January 17, 2007
Shawn Stewart, program director for KMTT-FM (103.7) "The Mountain"
As program director for KMTT-FM, Stewart is ultimately responsible for almost everything happening at the Seattle radio station, from deciding on what will be the most appealing mix of music to play, to finding and managing the best talent to work as DJs, to overseeing things such as the station's Web site and public events.
Q: How long have you been The Mountain's program director?
A: I've been program director at 103.7 The Mountain for just about a year. Prior to that, I was the music director here for six years.
Q: What sort of background is needed for your job?
A: In many ways, radio is an old-fashioned business where mentoring is key. Great radio programmers aren't born, they're made. I learned my trade from three of the best programmers in the business: Kevin Cole at REV105 in Minneapolis (now at KEXP here in Seattle), Bruce Warren at WXPN in Philadelphia, and Chris Mays (former program director) right here at The Mountain.
Q: Does experience as a DJ help you as a programmer?
A: Absolutely! For one thing, your staff respects you because you know their challenges firsthand. And it also helps because you have a great sense of what records will and won't work for your audience. You know the kinds of songs that get a strong reaction. Anything that helps you understand your audience better is a plus.
"A lot of program directors started out as DJs and got into the business because they loved music, and I'm no different. I was a college radio DJ and an English major ... in that order!"
Average DJ's salary?
"It varies so much from station to station, market to market, even format to format. It could be anywhere from $20,000 to $200,000 a year, or up into the millions if you are Howard Stern!"
Q: What advice do you have for someone who wants a career in broadcasting?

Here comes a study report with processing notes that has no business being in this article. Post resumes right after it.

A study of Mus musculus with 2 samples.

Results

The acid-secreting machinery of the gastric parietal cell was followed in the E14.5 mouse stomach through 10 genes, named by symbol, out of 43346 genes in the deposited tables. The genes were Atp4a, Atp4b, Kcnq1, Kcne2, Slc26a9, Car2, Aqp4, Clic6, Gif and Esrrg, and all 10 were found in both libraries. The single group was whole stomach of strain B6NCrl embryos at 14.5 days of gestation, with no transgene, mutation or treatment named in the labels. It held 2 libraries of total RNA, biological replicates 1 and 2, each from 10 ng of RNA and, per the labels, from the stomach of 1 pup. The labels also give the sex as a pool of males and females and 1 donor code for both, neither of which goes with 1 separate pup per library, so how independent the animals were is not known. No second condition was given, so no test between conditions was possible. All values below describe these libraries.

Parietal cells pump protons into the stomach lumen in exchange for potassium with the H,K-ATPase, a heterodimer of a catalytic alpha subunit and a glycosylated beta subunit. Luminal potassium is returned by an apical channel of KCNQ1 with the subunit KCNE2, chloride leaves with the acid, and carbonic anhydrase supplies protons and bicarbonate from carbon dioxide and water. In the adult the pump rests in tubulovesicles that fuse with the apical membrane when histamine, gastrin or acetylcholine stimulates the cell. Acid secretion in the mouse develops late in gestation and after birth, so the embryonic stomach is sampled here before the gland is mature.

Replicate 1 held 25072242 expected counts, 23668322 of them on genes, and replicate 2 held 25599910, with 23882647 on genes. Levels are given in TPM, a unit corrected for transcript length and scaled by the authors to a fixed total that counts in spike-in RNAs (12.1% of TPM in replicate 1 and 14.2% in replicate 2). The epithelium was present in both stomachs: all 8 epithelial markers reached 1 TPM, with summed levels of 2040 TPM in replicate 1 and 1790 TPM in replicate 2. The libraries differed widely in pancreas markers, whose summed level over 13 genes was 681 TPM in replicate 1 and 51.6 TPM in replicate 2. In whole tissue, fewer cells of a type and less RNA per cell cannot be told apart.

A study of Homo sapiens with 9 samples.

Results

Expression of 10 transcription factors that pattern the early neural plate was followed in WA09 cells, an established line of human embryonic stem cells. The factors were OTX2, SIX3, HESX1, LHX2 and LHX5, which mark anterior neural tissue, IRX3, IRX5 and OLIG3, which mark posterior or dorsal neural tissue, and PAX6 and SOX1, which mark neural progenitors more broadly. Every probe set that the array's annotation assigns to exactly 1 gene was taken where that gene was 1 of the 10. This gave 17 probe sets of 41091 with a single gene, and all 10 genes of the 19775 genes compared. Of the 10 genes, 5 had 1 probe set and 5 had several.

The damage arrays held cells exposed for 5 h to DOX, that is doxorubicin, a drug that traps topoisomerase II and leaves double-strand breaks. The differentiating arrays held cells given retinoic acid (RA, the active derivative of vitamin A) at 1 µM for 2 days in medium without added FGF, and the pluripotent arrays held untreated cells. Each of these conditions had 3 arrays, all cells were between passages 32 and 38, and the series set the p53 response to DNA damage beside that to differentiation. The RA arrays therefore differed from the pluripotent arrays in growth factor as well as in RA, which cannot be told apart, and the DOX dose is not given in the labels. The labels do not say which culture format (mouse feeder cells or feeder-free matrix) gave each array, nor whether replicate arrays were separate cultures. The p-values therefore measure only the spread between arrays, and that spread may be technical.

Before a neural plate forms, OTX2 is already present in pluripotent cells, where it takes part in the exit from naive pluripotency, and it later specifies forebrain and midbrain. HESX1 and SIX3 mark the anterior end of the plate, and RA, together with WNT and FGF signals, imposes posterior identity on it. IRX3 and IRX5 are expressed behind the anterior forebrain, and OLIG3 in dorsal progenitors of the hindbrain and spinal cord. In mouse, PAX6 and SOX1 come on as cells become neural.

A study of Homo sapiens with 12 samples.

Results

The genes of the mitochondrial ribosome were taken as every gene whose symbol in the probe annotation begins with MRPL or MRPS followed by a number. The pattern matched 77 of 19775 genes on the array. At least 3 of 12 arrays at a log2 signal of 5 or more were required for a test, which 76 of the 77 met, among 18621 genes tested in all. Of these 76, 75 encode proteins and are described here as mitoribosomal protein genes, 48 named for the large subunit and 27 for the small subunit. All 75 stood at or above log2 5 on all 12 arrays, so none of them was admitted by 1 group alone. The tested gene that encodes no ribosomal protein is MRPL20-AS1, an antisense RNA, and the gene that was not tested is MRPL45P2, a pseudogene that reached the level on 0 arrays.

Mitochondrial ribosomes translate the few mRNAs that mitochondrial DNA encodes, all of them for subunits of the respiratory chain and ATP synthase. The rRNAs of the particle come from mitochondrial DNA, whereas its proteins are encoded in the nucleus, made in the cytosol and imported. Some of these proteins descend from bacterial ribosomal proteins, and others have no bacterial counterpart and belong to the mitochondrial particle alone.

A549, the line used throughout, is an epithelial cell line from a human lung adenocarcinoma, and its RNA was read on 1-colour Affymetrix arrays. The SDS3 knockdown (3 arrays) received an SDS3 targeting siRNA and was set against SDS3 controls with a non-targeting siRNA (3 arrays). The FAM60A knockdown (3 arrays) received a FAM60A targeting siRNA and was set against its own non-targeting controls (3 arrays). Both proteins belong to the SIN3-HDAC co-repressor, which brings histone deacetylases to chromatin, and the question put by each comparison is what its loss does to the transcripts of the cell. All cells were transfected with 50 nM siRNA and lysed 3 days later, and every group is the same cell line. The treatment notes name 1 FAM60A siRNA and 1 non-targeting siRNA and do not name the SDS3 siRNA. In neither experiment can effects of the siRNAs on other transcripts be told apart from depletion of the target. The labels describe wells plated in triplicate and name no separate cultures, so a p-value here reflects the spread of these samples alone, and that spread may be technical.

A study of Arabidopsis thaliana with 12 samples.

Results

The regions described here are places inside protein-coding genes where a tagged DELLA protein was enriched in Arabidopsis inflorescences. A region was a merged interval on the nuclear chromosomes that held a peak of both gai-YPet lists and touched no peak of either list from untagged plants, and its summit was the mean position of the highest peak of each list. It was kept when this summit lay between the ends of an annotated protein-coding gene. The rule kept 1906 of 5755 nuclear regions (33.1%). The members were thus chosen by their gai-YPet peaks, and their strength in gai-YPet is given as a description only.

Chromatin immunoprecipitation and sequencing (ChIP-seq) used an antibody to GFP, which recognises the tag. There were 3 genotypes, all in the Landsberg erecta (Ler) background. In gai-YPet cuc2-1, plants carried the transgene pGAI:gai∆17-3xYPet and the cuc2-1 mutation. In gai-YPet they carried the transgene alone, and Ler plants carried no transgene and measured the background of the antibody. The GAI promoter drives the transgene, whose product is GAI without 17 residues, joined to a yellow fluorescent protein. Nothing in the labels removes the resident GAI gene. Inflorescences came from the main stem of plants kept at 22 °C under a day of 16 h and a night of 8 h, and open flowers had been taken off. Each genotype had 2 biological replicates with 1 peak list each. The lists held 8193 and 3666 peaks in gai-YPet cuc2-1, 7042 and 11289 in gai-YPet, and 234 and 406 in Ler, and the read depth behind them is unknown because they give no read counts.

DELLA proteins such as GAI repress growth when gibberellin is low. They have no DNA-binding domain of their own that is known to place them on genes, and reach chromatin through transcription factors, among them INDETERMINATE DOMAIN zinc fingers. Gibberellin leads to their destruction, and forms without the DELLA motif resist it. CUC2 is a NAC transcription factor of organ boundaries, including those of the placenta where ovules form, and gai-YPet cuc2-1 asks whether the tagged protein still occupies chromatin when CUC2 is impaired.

A: Just get in there and do it! There are a million stories of high school kids who annoy their way into an internship that leads to a part-time air shift that leads to a full-time gig and so on. We had an intern at REV105 whose dad dropped him off at the station every day until he was old enough to drive himself. He worked his butt off and learned everything he could. We used to joke that he'd be all of our bosses one day, and now he's program director of a great station in Ann Arbor, Mich. He's not even 30.
Q: Is broadcasting school or formal training essential?
A: I think they are helpful but not essential. College radio is a great place to learn. And internships can help you get a foot in the door, so you can determine if a career in broadcasting is right for you.
Q: What are some of the best job perks you have?
A: Getting to work with the smartest, funniest, most creative group of broadcasters in the business. Not having anyone tell you to turn the music down while you're working. Watching the entire industry change right before my eyes. Meeting musicians whose work I admire ... I could go on and on!
Q: And the worst part of your job?
A: That rare occasion where you feel insanely passionate about a song or artist and your audience, well ... doesn't!